US government shuts down after spending bill collapses in Senate
Washington : The US government began shutting down on Saturday for the first time in more than four years after Senate Democrats blocked consideration of a stopgap spending measure to keep the government operating, marking a chaotic end to Donald Trump's first year as President.
Both Democrats and Republicans blamed each other for the failure to pass the new budget as hundreds of thousands of federal workers were now facing the prospect of no work and shuttered offices on Monday morning.
The bill to fund the federal government until February 16 did not receive the required 60 votes amid a bitter dispute over immigration and border security.
Trump, in a series of tweets on Saturday, accused Democrats of putting politics above the interests of the American people.
"Democrats are far more concerned with Illegal Immigrants than they are with our great military or safety at our dangerous southern border. They could have easily made a deal but decided to play shutdown politics instead. #WeNeedMoreRepublicansIn18 in order to power through mess!"
"This is the one year anniversary of my presidency and the Democrats wanted to give me a nice present. #DemocratShutdown," he said in another tweet.
But leading Senate Democrat, Chuck Schumer, blamed the President, saying that Trump had turned down two bipartisan compromise deals and "did not press his party in Congress". He called the event "the Trump shutdown" whereas the Republicans labelled it "Schumer shutdown", CNN reported.
This is the first modern government shutdown with Congress and the White House controlled by the same party.
Democrats are demanding protection from deportation of more than 700,000 undocumented immigrants known as "Dreamers" brought to the US as children.
The Republicans, however, want funding for border security, including the border wall with Mexico, and immigration reforms as well as increased military spending.
Officials said that now over one million active-duty military personnel will serve with no lapse, but could not be paid until the shutdown ends. Most staff in the Departments of Housing, Environment, Education and Commerce will stay at home.
Half of workers in the Treasury, Health, Defence and Transportation Departments will also not be going to work on Monday. National parks and monuments could face closure. Visa and passport processing could also be delayed.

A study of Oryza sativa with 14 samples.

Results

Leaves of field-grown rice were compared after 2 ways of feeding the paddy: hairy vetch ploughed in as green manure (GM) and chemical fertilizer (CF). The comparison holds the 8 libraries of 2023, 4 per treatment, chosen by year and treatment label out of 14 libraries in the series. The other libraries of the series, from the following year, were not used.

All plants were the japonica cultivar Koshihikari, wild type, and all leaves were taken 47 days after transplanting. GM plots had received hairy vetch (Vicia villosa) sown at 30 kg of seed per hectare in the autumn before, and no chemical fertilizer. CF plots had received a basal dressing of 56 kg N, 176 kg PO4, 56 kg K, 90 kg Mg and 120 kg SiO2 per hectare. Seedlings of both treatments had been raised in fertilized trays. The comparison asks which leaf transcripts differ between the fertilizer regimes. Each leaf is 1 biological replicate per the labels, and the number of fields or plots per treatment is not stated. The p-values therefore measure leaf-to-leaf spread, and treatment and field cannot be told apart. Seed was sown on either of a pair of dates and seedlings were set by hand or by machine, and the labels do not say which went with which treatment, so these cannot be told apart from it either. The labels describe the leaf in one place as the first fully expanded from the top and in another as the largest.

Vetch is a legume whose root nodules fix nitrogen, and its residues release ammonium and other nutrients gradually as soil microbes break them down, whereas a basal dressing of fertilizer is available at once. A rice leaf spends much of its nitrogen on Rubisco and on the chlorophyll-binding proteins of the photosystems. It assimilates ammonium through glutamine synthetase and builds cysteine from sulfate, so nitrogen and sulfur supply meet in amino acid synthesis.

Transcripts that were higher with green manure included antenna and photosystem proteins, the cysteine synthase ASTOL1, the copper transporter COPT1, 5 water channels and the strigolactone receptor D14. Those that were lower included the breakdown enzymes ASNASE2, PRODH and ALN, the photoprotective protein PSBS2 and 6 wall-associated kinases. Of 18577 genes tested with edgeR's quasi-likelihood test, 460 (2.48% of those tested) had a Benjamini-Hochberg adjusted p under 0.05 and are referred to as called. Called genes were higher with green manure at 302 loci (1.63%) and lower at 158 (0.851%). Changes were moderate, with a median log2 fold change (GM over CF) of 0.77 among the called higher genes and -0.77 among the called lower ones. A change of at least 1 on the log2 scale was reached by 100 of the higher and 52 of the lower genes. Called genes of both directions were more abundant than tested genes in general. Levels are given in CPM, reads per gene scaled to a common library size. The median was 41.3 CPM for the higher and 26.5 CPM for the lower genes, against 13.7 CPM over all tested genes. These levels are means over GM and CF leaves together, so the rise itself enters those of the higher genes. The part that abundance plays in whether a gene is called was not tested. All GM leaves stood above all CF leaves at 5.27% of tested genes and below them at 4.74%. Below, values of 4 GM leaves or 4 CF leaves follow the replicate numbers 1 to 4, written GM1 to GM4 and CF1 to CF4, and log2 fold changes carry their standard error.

However, essential services that protect "life or human property" will continue, including national security, postal services, air traffic control, inpatient medical services, disaster assistance, prisons, taxation and electricity generation.
Despite the ongoing blame game, both the Republican and Democrat Congressional leaders said they will keep talking over the weekend. The White House budget chief expressed optimism that a resolution will be found soon.
But the White House maintained its stand that it would "not negotiate the status of unlawful immigrants".
The budget proposal presented by the Republicans on Friday night got more votes in favour (50) than against (48), but they were insufficient to approve funds. Four Republicans voted against the bill while five Democrats broke rank to support it.
Earlier on Thursday night, the House of Representatives voted 230-197 to extend funding until February.
Officials said Trump may travel on Air Force One to carry out his constitutional responsibilities, including a planned trip next week to Davos, Switzerland -- although it was unclear whether trips to Mar-a-Lago, his exclusive club in Florida, would fall into that category.
Trump cancelled his plans to travel to his resort due to the crisis, a White House official said. The US President was due to host a party there -- with attendees paying as much as $250,000.
The last government shutdown was in 2013 and lasted for 16 days.